There exists the possibility, however, that diminished venous vasculature on SWI in MS represents altered venous hemodynamics or venous vascular occlusions (15). A previous study of ours in MS patients found significantly reduced cerebral blood flow in normal appearing white matter using perfusion MRI (16).
cheerleader wrote:http://www.direct-ms.org/sites/default/ ... S%2009.pdf
The chicken and egg debate will continue....which comes first? Brain damage due to MS disease process creating CCSVI or reduced perfusion due to CCSVI creating MS? If we look at perfusion studies in early MS, we find that hypoperfusion occurs early on in the disease process----before the blood brain barrier breakdown and immune activation.
Squeakycat wrote:But if you look more directly at the nature of the problems being found in CCSVI, it is pretty hard to figure out how MS inflammation could cause a valve malformation or a septum to form. It just doesn't seem possible that these congenital problems could be caused by an inflammatory disease process unless I'm missing something. The cart has gotten in front of the horse.
MS patients with higher number of venous stenoses, indicative of CCSVI severity, showed significantly decreased venous vasculature in the brain parenchyma. The pathogenesis of these findings has to be further investigated, but they suggest that reduced metabolism and morphological changes of venous vasculature may be taking place in patients with MS.
Cece wrote:The argument that MS might cause CCSVI tends to be made by those who consider CCSVI to be a stricture of the vein itself and not as intraluminal abnormalities.
Is this suggesting that the CCSVI is causing the reduced metabolism and morphological changes in the brain?
cheerleader wrote:I have the full paper, and the posits are that the MS disease creates hypometabolism of brain tissue and this leads to less blood flow and CCSVI, or CCSVI strictures create hypoperfusion and reduced visability of vasculature....
CureOrBust wrote:Although its really off-topic, I think we have to be careful of not acting like those that you are deriding. People are quick to point fingers at neuro's for dismissing CCSVI to quickly, and just because we do not see it now how MS could possibly cause CCSVI, I think we can not presume that it is not at all possible; but I do think the ball is in their court.
I have not read the book, but a lot of people quote him in situations other than actual war.Sun Tzu wrote:Never underestimate your enemy
Background: The venous vasculature of the brain parenchyma is significantly less visible on susceptibility-weighted imaging (SWI) in patients with multiple sclerosis (MS) compared to healthy controls (HC), as previously described.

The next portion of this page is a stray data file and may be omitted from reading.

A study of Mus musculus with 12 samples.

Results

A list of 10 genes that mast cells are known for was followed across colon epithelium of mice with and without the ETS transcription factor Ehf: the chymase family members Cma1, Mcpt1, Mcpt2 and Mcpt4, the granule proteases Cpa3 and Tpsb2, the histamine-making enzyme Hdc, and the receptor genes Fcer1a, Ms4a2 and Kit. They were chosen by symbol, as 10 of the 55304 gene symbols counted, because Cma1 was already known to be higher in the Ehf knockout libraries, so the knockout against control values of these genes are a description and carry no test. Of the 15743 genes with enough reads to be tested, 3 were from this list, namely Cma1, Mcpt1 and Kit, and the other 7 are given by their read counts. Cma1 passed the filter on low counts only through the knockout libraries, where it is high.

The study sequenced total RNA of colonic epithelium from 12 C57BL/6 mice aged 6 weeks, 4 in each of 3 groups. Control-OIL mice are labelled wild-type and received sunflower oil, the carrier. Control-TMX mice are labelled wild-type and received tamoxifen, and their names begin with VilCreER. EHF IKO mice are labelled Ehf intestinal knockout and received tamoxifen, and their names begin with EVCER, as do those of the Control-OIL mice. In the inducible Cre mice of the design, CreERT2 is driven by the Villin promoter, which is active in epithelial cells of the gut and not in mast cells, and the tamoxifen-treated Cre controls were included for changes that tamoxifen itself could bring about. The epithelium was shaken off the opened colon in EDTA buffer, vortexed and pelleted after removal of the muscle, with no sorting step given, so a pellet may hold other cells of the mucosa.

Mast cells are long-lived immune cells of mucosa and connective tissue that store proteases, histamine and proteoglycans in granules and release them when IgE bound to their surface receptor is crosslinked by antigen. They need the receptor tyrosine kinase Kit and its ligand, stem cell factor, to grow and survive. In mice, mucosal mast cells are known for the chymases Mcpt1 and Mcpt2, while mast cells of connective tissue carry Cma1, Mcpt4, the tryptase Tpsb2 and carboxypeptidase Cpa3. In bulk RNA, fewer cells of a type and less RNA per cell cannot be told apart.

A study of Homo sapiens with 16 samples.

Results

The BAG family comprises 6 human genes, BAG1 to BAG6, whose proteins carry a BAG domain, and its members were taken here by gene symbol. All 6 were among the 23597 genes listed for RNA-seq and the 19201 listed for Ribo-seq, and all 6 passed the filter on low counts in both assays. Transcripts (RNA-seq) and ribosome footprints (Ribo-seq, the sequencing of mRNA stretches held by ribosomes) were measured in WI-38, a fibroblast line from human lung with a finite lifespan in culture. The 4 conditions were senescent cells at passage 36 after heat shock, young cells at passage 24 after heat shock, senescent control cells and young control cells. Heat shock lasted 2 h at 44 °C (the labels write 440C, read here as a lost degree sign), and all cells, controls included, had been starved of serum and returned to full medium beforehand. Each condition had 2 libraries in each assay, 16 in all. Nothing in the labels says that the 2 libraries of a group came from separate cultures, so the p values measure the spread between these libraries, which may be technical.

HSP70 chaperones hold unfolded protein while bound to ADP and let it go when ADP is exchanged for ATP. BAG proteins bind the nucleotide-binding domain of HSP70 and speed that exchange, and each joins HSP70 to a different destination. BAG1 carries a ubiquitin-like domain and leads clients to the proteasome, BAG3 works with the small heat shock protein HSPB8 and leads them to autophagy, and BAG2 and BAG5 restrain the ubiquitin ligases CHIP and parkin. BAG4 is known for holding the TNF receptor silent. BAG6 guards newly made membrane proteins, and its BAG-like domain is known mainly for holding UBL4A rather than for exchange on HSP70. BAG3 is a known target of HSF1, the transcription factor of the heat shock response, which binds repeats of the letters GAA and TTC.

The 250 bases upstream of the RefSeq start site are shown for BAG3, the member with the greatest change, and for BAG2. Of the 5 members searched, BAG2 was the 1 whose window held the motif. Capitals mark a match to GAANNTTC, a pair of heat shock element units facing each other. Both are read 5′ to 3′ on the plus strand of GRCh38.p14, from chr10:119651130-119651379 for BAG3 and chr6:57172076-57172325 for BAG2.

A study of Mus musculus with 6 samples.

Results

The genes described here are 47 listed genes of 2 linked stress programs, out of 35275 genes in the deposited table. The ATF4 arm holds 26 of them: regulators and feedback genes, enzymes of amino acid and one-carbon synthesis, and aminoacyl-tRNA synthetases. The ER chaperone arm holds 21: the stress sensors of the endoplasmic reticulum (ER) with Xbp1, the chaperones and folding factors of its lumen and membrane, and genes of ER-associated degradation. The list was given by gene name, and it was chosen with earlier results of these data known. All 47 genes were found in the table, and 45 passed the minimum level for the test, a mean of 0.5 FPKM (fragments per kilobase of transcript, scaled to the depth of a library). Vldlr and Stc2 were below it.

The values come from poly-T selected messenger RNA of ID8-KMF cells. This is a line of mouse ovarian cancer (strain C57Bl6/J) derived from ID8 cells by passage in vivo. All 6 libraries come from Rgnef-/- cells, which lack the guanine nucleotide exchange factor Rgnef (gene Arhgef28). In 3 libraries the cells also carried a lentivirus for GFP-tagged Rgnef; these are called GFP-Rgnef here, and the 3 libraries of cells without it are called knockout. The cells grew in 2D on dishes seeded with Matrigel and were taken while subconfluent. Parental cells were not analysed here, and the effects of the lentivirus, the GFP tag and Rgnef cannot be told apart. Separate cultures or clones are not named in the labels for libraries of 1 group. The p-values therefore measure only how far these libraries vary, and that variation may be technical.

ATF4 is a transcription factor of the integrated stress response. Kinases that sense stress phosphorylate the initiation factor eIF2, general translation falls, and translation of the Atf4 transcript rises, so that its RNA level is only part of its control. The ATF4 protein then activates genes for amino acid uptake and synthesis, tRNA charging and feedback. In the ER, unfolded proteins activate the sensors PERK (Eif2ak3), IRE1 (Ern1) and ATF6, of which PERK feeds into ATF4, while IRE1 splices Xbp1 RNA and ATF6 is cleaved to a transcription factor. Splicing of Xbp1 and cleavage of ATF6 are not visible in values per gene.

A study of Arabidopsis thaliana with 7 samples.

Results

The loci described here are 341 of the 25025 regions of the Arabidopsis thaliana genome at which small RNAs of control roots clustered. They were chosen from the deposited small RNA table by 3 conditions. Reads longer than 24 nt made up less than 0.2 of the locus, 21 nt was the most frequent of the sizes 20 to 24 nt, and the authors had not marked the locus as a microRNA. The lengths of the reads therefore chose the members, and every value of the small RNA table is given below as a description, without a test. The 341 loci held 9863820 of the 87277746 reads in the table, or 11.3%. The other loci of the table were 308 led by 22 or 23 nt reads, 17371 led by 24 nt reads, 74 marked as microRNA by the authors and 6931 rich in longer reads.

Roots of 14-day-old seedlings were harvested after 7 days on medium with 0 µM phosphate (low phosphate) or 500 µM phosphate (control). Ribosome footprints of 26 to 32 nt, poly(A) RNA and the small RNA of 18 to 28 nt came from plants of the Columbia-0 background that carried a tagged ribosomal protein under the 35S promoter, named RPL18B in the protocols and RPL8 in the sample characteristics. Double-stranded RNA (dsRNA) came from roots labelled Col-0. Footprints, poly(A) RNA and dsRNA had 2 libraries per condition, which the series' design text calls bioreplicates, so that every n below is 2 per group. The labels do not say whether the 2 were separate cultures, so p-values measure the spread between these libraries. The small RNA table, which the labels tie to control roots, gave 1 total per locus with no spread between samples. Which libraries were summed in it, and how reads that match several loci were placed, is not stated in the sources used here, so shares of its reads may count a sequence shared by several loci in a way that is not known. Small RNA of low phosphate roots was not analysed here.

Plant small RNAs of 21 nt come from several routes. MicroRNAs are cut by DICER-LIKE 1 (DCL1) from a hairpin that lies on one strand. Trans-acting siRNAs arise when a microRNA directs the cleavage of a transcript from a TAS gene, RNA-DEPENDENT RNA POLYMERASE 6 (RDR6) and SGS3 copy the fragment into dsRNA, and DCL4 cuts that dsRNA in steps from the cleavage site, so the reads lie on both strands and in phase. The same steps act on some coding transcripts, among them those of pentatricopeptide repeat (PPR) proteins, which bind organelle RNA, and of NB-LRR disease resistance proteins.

Objective: To investigate the relation between the altered venous vasculature visibility in the brain parenchyma and Cine Cerebrospinal Fluid (CSF) Imaging and Perfusion Weighted Imaging (PWI) MRI metrics in patients with relapsing-remitting (RR) and secondary-progressive (SP) MS disease course, and HC.
Methods: Fifty nine (59) MS patients [41 RR and 18 SP] and thirty three (33) age- and sex-matched HC were scanned on a 3T GE scanner using CSF imaging, PWI and SWI. Mean age at scan was 44.3 yrs, mean disease duration 13.2 yrs and median EDSS 2.5. CSF flow rates (positive, negative and net), Mean Transit Time (MTT), Cerebral Blood Flow (CBF) maps and Cerebral Blood Volume (CBV) maps were calculated. 3D multi-scale line filter was used to extract the venous vasculature from SWI images. Absolute venous volume (AVV) was estimated in milliliters (ml); relative venous intracranial fraction (VIF) was calculated to correct for head size and amount of brain atrophy. Vein volumes were classified by vein radius: <0.3mm, 0.3-0.6mm, 0.6-0.9mm and >0.9 mm. Voxel brain average distance-from-vein (DFV) maps were calculated.
Results: MS patients showed reduced AVV, volume of veins with diameter <0.3mm and VIF (p< .05) and increased DFV (all p< .001) with respect to HC. In MS patients lower AVV, volume of veins with diameter <0.3mm and VIF, and higher DVF were strongly related to lower net negative flow (Spearman r = .48 to .61, p< .001) and higher net positive flow (r = .53 to .64, p< .001). A similar relation was found with an increased MTT (gray matter: r = .36 to .43, p< .01; white matter: r = .40 to .46, p< .001) and a decreased CBF (gray matter: r = .38 to .45, p< .01; white matter: r = .37 to .49, p< .001). The relationships were consistently stronger in RR than SP MS patients. No significances where found for HC.
Conclusions: This study showed that lower brain parenchyma venous vasculature visibility on SWI is related to altered hemodynamic CSF flow and hypoperfusion in patients with MS. The events contributing to these findings are probably occurring early in the disease process. Further studies are needed to elucidate relationship between reduction of venous vasculature and the hemodynamic MRI parameters in MS patients.